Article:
Brains, graft, passion and Irish charm - Web Summit

If anyone was in the slightest doubt how much technology touches all our lives, they only have to look to the success of the annual Web Summit in Dublin.

From small beginnings four years ago, more than 22,000 people from 109 countries are at the RDS to attend the three-day event which has been dubbed ‘Davos for geeks’. That includes representatives of more than 3,000 start-up businesses, 1,500 journalists from 70 countries, 1,000 exhibitors and - most importantly - 800 investors who have access to billions of euro. The summit also contributes in the region of €100m to the Irish economy, with around 13,000 hotel rooms and B&Bs booked for the event.

The Web Summit is itself a start-up and was co-founded by Paddy Cosgrave, Daire Hickey and David Kelly. It has come a long way from what they now call a ‘meet-up’ in a room attended by 400 techies in 2010. Back then the only food they could afford to give those attending was a truck-load of sausage rolls from the local chipper. This year, attendees are being fed by 250 Irish artisan food producers. Another innovation is a number of mini-summits, based around music, film, sport, food and technology.

Its success is testament not only to the founders’ technological skills but also their ability to persuade, cajole and plámás top-ranking speakers to attend the Web Summit every year. Daire Hickey certainly has form from his student days in charming famous people to come to Dublin. In 2006, as president of Trinity College’s Philosophical Society, he managed to attract TV star David Hasselhoff as well as Oscar winners Al Pacino and Oliver Stone to address students.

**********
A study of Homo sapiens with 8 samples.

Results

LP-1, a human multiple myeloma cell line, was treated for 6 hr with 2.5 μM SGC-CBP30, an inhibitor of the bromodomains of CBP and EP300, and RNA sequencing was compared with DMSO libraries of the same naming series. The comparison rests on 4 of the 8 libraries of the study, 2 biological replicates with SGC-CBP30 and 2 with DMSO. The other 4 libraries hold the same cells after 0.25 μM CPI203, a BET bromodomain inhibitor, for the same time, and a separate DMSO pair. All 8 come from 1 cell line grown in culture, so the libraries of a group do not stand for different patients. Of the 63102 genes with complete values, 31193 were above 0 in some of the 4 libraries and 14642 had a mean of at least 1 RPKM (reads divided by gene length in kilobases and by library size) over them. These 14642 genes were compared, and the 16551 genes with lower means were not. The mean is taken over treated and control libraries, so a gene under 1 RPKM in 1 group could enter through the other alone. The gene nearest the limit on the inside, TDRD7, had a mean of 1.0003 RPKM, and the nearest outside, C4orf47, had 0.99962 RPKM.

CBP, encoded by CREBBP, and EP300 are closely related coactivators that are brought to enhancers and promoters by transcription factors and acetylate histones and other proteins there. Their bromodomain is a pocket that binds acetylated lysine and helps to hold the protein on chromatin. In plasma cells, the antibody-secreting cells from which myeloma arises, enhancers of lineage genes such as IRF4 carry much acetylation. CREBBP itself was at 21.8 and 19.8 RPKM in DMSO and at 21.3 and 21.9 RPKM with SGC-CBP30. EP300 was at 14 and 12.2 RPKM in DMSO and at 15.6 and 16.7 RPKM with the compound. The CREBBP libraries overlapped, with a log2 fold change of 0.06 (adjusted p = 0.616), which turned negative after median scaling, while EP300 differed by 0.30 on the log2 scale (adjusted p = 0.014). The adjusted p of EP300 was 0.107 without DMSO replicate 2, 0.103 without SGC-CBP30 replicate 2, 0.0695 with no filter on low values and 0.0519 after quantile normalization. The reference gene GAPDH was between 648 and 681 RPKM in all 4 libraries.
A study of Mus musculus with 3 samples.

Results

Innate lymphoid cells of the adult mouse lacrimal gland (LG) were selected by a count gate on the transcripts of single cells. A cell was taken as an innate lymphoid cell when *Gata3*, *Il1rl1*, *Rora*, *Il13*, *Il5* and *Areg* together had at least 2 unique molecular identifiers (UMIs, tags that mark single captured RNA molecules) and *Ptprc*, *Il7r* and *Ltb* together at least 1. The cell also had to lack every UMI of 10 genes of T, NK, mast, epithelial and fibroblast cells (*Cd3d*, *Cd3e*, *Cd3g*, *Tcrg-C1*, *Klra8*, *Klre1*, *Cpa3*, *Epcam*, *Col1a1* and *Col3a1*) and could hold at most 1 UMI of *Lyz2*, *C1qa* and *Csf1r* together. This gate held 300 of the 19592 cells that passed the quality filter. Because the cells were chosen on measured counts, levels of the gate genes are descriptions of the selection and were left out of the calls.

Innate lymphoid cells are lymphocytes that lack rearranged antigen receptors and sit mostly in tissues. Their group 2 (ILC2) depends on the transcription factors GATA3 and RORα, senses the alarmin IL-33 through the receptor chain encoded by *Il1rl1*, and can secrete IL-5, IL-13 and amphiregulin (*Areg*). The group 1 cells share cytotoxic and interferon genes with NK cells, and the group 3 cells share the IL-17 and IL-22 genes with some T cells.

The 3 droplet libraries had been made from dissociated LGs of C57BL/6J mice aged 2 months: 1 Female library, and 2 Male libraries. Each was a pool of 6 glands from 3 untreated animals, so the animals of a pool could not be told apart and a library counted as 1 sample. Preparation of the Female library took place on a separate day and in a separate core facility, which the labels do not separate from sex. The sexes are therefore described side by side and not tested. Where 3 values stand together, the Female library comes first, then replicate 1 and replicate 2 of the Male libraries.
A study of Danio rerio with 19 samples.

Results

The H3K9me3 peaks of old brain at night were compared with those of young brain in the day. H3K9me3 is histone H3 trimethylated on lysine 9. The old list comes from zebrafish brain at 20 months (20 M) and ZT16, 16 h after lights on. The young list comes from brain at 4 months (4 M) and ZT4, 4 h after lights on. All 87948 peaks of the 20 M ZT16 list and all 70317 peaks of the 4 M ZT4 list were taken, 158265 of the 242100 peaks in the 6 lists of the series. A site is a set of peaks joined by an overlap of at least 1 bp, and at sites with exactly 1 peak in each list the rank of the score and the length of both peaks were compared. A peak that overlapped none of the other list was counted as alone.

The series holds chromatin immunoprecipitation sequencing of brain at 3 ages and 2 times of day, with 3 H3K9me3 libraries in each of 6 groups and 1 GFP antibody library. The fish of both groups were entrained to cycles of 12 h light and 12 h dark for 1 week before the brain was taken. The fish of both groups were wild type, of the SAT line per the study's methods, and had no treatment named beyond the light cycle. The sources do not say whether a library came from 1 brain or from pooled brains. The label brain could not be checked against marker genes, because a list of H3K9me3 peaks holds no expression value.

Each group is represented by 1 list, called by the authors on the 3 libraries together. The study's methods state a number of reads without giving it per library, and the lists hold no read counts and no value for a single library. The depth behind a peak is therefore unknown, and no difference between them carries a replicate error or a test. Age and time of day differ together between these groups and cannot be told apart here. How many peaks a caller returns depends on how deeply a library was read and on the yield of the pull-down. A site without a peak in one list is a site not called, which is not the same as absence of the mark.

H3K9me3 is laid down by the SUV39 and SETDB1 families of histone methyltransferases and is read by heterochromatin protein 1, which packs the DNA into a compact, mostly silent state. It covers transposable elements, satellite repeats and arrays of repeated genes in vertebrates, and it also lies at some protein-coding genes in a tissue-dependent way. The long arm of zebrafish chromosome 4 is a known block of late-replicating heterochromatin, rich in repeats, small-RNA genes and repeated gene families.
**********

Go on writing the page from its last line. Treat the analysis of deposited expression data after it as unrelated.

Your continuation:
In the past three years speakers who have come to Dublin for the summit have included Tesla and SpaceX boss Elon Musk, Skype founder Niklas Zennström, Netflix founder Reed Hastings, Twitter founder Jack Dorsey, and YouTube co-founders Chad Hurley and Jawed Karim.

This year 600 speakers are on one of 10 stages over the three days. They include tech-loving celebrities like Desperate Housewives star Eva Longoria and U2 frontman Bono who will give the closing address at the summit today. Among the main speakers are Peter Thiel, co-founder of Paypal as well as the first investor in Facebook; Drew Houston, founder of Dropbox; Padmasree Warrior, CTSO of Cisco; John Sculley, former CEO of Apple; Brendan Iribe, CEO of Oculus; and Google’s vice president of engineering, Anna Patterson.

What is the secret of the summit’s success? The secret is that there no secret - just hard graft, intelligence, passion and plenty of Irish charm as well as recognising that when thousands of like-minded people gather, something magical happens. “What the summit does is create an environment for people to do deals and for serendipity to occur,” said Daire Hickey . “Last year the top 25 startups that came to the Web Summit raised $400m in the subsequent 12 months and some of those people would have met their investors here.”

Some of its success must also be attributed to the Irish entrepreneurial spirit. More than 30,000 people set up new businesses in Ireland last year alone.